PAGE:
Mayhems Around the Shrine of Our lady of Peace Kunkujang

Jun 1, 2022, 1:48 PM | Article By: Philip Saine  

It was in August 1987 that a land measuring 850m x 300 m was applied for the purpose of a Catholic Shrine at Kunkujang Mariama. The application was approved and granted by the Commissioner Western Division, in Brikama. On the 3rd September 1987, an official document allocating the requested land was handed over to the Christian Shrine Committee (CSC).

At the time of taking delivery, the allocated land was then bushy and full of tall palm trees. The CSC was responsible for the land to be cleared and the ground consecrated on Saturday, 5th December 1987. A grotto was erected and dedicated to ‘Our Lady Queen of Peace’. This is now known as the Roman Catholic ‘Shrine’ or more fully addressed as ‘Our Lady of Peace - Kunkujang Mariama’.

The primary purpose of this shrine in the midst of a remote virgin forest then was to carve out hallowed space and environment conducive for Christian meditation, spiritual growth, fasting and prayer.

Today, the situation at Kunkujang Mariama is very worrying, indeed. The forces of intimidation and encroachment have been relentless on both School lands and the land of ‘Our Lady of Peace - Kunkujang Mariama’.

Encroachment into the land of this Roman Catholic Diocese in Kunkujang Mariama was first reported on 23rd August 2016. The Physical Planning Authority responded by serving a notice to one Dodou Modou Kah, who was acting under the authority of the Alkalo Adama Jallow, requiring the demolition and removal of an erected building fence. .

Following sustained trespass on the Diocese of  properties at Kunkujang Mariama West Coast Region of the Republic of The Gambia, a protest letter was sent to the Permanent Secretary, Ministry of Local Government and Lands on 19th February2018 ‘TRESPASS ON ROMAN CATHOLIC MISSION PROPERTY IN KUNKUJANG MARIAMA WEST COAST REGION OF THE REPUBLIC OF THE GAMBIA’.

While the Diocese continues to cry for justice, the trespassers refuse to vacate the land and have continued in their intimidation, taunts and threats on worshippers, in particular.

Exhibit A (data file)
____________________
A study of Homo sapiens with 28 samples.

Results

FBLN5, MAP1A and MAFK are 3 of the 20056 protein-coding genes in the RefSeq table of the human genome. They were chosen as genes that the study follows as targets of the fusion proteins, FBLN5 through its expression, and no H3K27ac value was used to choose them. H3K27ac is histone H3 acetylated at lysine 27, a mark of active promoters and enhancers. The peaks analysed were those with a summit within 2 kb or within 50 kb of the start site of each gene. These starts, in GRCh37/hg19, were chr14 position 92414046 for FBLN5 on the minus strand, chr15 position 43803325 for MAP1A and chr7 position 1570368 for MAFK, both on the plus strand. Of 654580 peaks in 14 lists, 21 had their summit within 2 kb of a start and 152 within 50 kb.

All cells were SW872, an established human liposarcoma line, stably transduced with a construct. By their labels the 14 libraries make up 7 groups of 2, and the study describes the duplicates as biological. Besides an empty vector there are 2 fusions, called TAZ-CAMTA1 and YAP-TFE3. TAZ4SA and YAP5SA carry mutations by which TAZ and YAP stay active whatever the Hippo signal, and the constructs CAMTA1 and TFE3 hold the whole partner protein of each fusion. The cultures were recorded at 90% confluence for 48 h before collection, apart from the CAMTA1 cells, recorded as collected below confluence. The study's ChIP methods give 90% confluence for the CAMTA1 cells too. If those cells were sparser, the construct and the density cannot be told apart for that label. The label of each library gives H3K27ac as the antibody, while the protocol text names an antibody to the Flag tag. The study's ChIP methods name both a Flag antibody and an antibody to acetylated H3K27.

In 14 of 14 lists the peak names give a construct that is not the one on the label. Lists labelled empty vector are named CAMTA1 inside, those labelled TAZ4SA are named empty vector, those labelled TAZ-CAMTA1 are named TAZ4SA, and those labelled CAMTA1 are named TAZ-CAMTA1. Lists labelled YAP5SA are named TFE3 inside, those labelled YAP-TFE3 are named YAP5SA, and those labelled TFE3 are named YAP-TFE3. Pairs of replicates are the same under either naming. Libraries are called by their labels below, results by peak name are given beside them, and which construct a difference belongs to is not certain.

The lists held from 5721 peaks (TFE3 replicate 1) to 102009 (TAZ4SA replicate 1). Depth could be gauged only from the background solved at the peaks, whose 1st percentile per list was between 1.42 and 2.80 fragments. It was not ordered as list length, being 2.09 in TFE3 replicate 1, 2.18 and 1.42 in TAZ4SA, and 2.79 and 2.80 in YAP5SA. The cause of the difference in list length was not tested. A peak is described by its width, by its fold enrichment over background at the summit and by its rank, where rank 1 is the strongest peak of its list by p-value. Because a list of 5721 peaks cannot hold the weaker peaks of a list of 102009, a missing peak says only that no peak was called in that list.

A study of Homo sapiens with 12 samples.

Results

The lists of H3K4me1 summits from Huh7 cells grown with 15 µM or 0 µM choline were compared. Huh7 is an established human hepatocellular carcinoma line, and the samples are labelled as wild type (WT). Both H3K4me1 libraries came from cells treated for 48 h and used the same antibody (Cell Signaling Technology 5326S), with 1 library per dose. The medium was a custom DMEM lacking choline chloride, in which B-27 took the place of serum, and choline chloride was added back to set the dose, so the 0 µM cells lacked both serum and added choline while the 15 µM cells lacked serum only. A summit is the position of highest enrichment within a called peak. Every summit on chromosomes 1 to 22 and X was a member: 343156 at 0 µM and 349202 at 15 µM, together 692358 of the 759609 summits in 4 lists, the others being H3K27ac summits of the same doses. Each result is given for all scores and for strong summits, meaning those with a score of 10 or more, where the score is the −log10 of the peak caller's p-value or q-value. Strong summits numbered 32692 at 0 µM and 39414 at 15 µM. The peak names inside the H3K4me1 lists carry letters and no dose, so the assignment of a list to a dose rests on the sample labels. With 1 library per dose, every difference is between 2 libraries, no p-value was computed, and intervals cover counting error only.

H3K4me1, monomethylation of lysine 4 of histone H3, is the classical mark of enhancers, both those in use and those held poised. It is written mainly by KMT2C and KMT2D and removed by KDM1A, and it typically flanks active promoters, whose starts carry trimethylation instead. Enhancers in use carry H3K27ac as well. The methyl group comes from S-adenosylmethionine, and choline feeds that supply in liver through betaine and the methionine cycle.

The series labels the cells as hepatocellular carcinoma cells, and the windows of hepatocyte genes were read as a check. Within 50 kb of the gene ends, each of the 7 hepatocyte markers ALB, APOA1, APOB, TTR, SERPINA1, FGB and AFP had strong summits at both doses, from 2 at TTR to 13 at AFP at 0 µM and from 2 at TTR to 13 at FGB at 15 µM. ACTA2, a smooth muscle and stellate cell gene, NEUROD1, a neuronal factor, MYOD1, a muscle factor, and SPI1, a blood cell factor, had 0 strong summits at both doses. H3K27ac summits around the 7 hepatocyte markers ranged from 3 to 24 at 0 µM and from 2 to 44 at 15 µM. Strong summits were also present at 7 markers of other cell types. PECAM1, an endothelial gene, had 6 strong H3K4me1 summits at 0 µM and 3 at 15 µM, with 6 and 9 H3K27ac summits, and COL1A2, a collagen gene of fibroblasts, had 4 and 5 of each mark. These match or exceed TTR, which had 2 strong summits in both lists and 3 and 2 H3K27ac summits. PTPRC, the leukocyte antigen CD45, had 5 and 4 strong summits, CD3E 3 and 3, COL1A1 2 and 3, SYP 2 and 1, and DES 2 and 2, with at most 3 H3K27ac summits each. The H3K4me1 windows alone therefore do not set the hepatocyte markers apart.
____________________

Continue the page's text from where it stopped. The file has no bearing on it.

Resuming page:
The perpetrators of these heinous acts have hardened and emboldened through the years. Currently they have resorted to not only the trespass and destruction of landed property, but have seized, partitioned and sold property that is not lawfully theirs. This violation of land belonging to the Roman Catholic Diocese at Kunkujang Mariama is of grave concern to and not only limited to the mission directly affected, but to all Gambians of good faith. The social fabric of a once peaceful society is being threatened with disintegration before our very eyes. These mal-practices are benefitting only a few ‘lords’ whose appetite for material gain is insatiable. The Church has all along being patiently awaiting justice while pursuing the legal processes. But it seems that the state institutions responsible to adjudicate and decide on these matters seem impotent. The Land Commission that government intends to set-up to resolve such matters may arrive too late.

One would have assumed that between the Ministry of Local Government and Lands and Religious Affairs, the Department of Justice, the Department of Lands, the Office of the Governor West Coast Region and the Inspector General of Police (the Keeper of the Law), together, have adequate powers and authority to adjudicate on the matter, implement what is just in law, protect the offended party, and maintain the peace in the area. Disappointingly, this has not been the case.

Under the current explosive situation at Kunkujang Mariama, it is urgent that both the Minister of Local Government and Lands and Religious Affairs and the Minister of Justice, together take the lead in conducting a review this sensitive case without delay. Hopefully, it will arrest the general downward slide to lawlessness prevailing at the village. During this proposed process, it should be necessary to remind the Alkalo that he has been appointed head of the whole community of Kunkujang Mariama. That he is required, by law, to administrate justice to all, irrespective of social position, tribe, race or religious affiliation.

Simultaneously, politicians, civil society activists and religious leaders of our diverse faith communities are invited to work to restore mutual trust and bring peace amongst the peoples of the area.